By Berta Marquez
My family and I sat huddled in our small living room staring intently at the projection on our wall. We were in the middle of a slideshow of the story of Joseph Smith that the missionaries had come to show us. BEEP! With that, the asthmatic little slide projector announced that it was time to move to the next slide, so one of the Elders pressed the button on the wheezing little machine and the next picture came up. It was of a blonde adolescent boy dressed in 19th century clothes throwing seeds into the air. The accompanying cassette soundtrack announced “Lo haré!” (“I will do it”). It was a re-enactment of the moment when fourteen year old Joseph Smith decided that he would take his question (about which church to join) to God. He was so exited by the prospect of asking God about what was troubling him that he threw his seeds in the air. At least that was how the church’s audio-visual department had decided to portray that seminal moment. It may or may not have been a historically accurate rendition but the freeze-frame picture of the young Joseph throwing his seeds into the air stayed with me. So did the idea that he (and by extension I) could ask for and receive answers from our Heavenly Father.
Twenty-four years later my family and I were no longer living in our little home in the barrio of Santa Ana. Instead, we were now comfortably situated in Mapleton, a sleepy little town just south of Provo, Utah. I was just coming upon the end of three particularly challenging years. The effects of closetedness with its incumbent isolation and sorrows and many other things had finally come to a fore for me. Something needed to change or I would not be able to go on. To give you an idea of just how I found myself I had taken to sleeping in a tent, indoors, in my hemi-bedroom, on the first tier of a bunk bed. I used the second tier to hold covers that created a second layer of protection around the tent. Protection from what? From a seemingly unsafe world. From the feeling that I could only ever be a secondary citizen in God’s kingdom. But most importantly I was hiding from myself as a gay person. I would sleep through the day and wake at night, when it seemed most peaceful and safe to be about. It was a very large and dark room, with a tiny lamp and I rather liked it that way. It was a perfect reflection of how I felt; the darkness was palpable, heavy, and cavernous. It is in the middle of all of this that I remembered what I had learned all those years ago in Santa Ana. The freeze-frame of a boy throwing his seeds into the air determined to ask of God, and the lesson about the power of personal revelation.
If ever there was anyone that lacked wisdom, that needed desperately to know what was good and true it was me. So it was that on an April night I finally broke down and asked God with a sincere heart, with real intent and full vulnerability, if it was ok that I was gay. And it is there, huddled in my little tent that I felt a full and unyielding love flow over me and felt a resounding yes echo in my heart. James was right; He had given me liberally of His love. The gift and principle of personal revelation is something I am grateful to have been taught as a Mormon. Without it I could have never come to accept and love myself. My little tent in an immense and poorly lit room is hardly as beautiful a setting as the grove in which the Prophet Joseph Smith prayed to God yet there it is. It became my sacred grove. The lesson of God’s artistry went beyond the freeze-frame and became real for me. I learned that God could weave color and beauty into even the most plain and forgotten tapestries and breathe life into them. That night I began to wake from my long sleep in Gethsemane.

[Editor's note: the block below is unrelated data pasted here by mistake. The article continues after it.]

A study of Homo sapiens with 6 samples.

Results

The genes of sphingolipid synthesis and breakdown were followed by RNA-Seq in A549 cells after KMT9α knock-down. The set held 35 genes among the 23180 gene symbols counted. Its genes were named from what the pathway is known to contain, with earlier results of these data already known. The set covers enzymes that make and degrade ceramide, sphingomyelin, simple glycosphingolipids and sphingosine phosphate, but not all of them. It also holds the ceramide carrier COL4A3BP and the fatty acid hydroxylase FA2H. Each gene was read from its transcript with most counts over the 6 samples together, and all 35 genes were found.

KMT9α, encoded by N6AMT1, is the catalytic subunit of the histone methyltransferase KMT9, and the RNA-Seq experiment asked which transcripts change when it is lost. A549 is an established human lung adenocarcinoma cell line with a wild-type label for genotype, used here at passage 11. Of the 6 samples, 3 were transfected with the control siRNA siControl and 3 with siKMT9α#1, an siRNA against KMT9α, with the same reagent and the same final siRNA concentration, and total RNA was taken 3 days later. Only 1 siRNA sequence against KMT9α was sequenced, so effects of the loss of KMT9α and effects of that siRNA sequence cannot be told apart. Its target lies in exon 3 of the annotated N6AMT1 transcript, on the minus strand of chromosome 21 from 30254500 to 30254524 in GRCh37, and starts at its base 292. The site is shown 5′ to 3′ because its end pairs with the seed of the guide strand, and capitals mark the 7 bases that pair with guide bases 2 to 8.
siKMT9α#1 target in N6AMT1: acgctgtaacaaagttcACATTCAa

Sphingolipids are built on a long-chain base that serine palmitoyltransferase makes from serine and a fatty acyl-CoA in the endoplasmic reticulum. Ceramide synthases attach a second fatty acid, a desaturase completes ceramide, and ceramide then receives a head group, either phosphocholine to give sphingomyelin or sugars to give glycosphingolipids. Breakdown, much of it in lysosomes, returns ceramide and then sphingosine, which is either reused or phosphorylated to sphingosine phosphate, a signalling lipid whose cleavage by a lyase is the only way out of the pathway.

Next, I decided to speak about being LGBT more and more openly, to see where my journey, my personal quest for peace and authenticity, would lead. This has led to doing advocacy work on behalf of the LGBT community. Seldom have I felt the fruits of the spirit: love, joy, peace, gentleness, goodness, as I have in working to improve the conversation and conditions of my LGBT brothers and sisters. These fruits have slowly replaced the heavy necrotic tissue of hopelessness that had weighed my heart down and have grafted in its place light, possibility, beauty and faith. Recently I spoke at a non-discrimination rally and there was an energy there, an uplifting power, the kind of feeling that comes when God’s children from a marginalized community are being elevated; almost what I imagine it might have felt like to be made whole while lying by the pool of Bethsaida. I am grateful that I was taught about the fruits of the spirit; that we discussed these things in Seminary. Because of that foundation, I have learned to listen closely to and trust what resonates with my heart and what leads me to feel love, joy, peace, long-suffering, gentleness, goodness and faith.
Lastly, there are days when the going is not so easy. Days when hearing the stories of LGBT homeless youth, for example, can feel overwhelming. Days when a well meaning but uninformed member of my congregation says something that makes it difficult to feel welcome and to want to sit in the pews and worship. It is on these days that I remember the legacy of my pioneer brothers and sisters; they who with faith in every footstep continued to put one foot in front of the other even when being marginalized and driven from their homes, in part being cast out because they did not conform sexually to the template of the majority. If they could carve out beautiful new communities for themselves from the malarial swamps of Nauvoo and the Utah desert then surely I can endure and work to build the beloved community, one where none will be treated as strangers and foreigners in our chapels but all will be fellow citizens with the saints, and of the household of God.